You won’t find any sulfites, sorbates, preservatives, food colorings, fake flavors, or fruit concentrates in North Country Hard Cider, a year-old New Hampshire company based in Rollinsford. What you will find are apples and yeast. That’s it.
Co-owner Silas Gordon says that’s because his chemist mother raised him right.
“She was very strict in what we had available to eat in our house,” he says. “When I was a kid, we lived on a small organic farm in Maine. In other words, we weren’t getting a lot of crap in our food.”
“The traditional ciders have a lot of those bad ingredients and I don’t want those in my body,” Silas says.
Silas and his brother and co-owner, Ivan, along with their business partner Ron Dixon, have been building—literally and figuratively—the North Country Cider business since 2013. As previous owners of a construction company, the three built the actual physical plant—a tasting room, the tables and the bar, and places to ferment and store the apples and the cider, and they’ve worked to build a loyal following for the product. The cider is currently sold in the broader Seacoast area of New Hampshire, and a little bit up into Maine.
“We are gluttons for punishment and control freaks,” Silas explains. “But we realize there is only so much time in the day.”
Achieving a chemical- and preservative-free cider is a little more labor intensive and a much different process than, say, brewing beer. The yeast works to ferment the apples, then in a process Silas calls “cold crashing”, it continues to stabilize the product as it sits refrigerated. Yep, you’ll find North Country Cider in the refrigerated section of the stores, and on tap at a growing number of bars in the area.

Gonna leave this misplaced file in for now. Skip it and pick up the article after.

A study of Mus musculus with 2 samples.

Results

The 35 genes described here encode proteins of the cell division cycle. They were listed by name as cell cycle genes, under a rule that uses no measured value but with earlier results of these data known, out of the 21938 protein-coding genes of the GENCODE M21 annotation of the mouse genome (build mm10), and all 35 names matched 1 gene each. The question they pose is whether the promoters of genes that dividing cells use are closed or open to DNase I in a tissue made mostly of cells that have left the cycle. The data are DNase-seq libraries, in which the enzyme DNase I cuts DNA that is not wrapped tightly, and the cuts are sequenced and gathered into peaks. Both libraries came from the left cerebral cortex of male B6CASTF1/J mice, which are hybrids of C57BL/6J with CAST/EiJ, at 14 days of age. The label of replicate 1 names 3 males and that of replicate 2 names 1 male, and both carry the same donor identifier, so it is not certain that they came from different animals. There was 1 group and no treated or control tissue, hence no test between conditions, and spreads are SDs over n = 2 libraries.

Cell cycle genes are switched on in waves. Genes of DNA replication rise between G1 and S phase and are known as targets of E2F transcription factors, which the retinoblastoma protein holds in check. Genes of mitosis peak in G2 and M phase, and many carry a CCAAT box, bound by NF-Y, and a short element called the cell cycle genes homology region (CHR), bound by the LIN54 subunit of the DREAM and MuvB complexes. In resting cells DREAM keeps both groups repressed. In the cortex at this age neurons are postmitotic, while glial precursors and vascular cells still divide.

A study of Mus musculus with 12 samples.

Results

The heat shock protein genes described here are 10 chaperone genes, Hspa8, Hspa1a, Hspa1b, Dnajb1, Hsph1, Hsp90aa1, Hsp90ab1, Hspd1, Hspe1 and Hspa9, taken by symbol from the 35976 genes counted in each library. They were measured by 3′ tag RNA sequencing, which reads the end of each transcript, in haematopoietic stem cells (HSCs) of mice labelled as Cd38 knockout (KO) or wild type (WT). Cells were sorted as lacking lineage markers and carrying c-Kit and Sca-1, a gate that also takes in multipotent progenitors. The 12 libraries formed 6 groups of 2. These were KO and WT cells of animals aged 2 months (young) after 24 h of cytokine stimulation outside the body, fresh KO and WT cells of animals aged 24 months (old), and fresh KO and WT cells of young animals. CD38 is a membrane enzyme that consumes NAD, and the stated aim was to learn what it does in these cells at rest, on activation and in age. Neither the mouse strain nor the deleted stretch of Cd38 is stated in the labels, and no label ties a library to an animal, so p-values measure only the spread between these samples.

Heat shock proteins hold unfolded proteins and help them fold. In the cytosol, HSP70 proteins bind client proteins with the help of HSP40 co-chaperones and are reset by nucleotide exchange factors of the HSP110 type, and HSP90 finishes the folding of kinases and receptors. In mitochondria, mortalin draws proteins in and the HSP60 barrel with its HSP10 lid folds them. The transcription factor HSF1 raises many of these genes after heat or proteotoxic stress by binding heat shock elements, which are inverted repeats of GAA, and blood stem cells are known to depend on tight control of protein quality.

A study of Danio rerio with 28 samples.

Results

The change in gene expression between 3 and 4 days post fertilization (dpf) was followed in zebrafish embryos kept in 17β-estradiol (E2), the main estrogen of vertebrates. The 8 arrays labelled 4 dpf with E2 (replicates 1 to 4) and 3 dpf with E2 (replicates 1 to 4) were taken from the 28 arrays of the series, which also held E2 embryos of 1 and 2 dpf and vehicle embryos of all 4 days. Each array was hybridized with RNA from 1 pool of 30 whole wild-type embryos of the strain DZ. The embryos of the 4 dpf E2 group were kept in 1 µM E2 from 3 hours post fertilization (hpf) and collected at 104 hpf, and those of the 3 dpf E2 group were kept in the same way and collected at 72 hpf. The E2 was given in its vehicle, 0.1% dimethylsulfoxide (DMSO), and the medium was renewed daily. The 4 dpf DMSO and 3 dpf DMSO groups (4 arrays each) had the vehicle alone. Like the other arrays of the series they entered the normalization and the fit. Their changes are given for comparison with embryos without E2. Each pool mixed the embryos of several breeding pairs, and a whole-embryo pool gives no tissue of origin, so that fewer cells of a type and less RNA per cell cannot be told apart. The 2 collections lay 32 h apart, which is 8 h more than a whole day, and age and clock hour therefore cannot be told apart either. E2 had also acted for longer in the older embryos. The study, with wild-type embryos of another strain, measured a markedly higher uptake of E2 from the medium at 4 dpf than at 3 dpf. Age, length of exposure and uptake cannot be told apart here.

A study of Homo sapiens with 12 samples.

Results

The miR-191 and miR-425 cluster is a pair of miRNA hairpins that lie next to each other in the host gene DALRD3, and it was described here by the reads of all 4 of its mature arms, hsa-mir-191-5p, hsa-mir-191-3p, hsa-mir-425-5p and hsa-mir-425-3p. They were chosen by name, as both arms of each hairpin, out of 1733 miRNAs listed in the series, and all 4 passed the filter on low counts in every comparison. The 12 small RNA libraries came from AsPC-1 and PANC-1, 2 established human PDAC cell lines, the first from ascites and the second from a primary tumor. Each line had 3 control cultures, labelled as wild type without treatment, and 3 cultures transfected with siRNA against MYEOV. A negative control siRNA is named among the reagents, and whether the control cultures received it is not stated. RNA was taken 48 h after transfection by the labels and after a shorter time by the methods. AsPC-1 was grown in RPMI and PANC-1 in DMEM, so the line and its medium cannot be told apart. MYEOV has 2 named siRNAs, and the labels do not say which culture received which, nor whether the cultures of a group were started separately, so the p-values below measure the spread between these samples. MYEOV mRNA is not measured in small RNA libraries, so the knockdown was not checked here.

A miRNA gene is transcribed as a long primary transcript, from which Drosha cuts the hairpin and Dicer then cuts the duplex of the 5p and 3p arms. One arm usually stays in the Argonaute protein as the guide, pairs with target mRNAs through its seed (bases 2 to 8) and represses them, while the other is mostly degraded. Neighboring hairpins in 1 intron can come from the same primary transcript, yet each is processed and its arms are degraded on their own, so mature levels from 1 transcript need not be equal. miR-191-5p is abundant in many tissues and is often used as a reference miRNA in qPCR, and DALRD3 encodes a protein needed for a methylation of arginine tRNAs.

“If you’re consuming something that can sit at room temperature on a shelf for two years, it’s probably not something your stomach needs,” Silas says.
The apples that go into North Country’s ciders can be had only nine months of the year and are as local as they can get—New Hampshire, Maine and some from New York.
All that makes for a challenging business model, with seasonal fluctuations and a product that must be handled correctly at the points of purchase.
Early on in the life of their business the three partners realized they needed outside counsel. Having heard about the NH SBDC from other businesses, they sought out business advisor Warren Daniel and have met with him several times over their first year in business. Silas reports that connection has helped their business in “a multitude of ways.”
“It’s small distribution, so far, and we need to stay on top of the scale of what we do,” Silas says. “There’s definitely room for expansion, but we’re not rushing into it. We want to make sure the product is as good as it can be before we grow further. We want to have as much control as we can have out in the markets, making sure the product is being taken care of and is represented properly.”
Silas says meeting with Warren has given them a great perspective. Together Warren and the business partners have built out financial projections for the short- and the long-term, and Warren helps them stay on top of those projections.
“He helped us early on with creating projections,” Silas said. “He gave us a perspective that we can’t get from just talking to each other. He gives us the different angle.”
Silas explains that the three business partners have a ton of roles to fulfill and so they are each very busy. “We might not be holding each other accountable,” Silas said. “Warren pushes us, he supports us and he challenges us to look at something differently.”
Their early meetings with NH SBDC led to the partners finding the financing they needed, and finding the right people to approach about it. Warren helped them secure a $150,000 loan to buy equipment.
“Busy as we are, every time we meet with Warren we say we should be doing this more often,” Silas said. “We’re just really excited about what we’re doing and it’s been an amazing year so far. We’re going to expose a bunch more people to a hard cider that will surprise them.”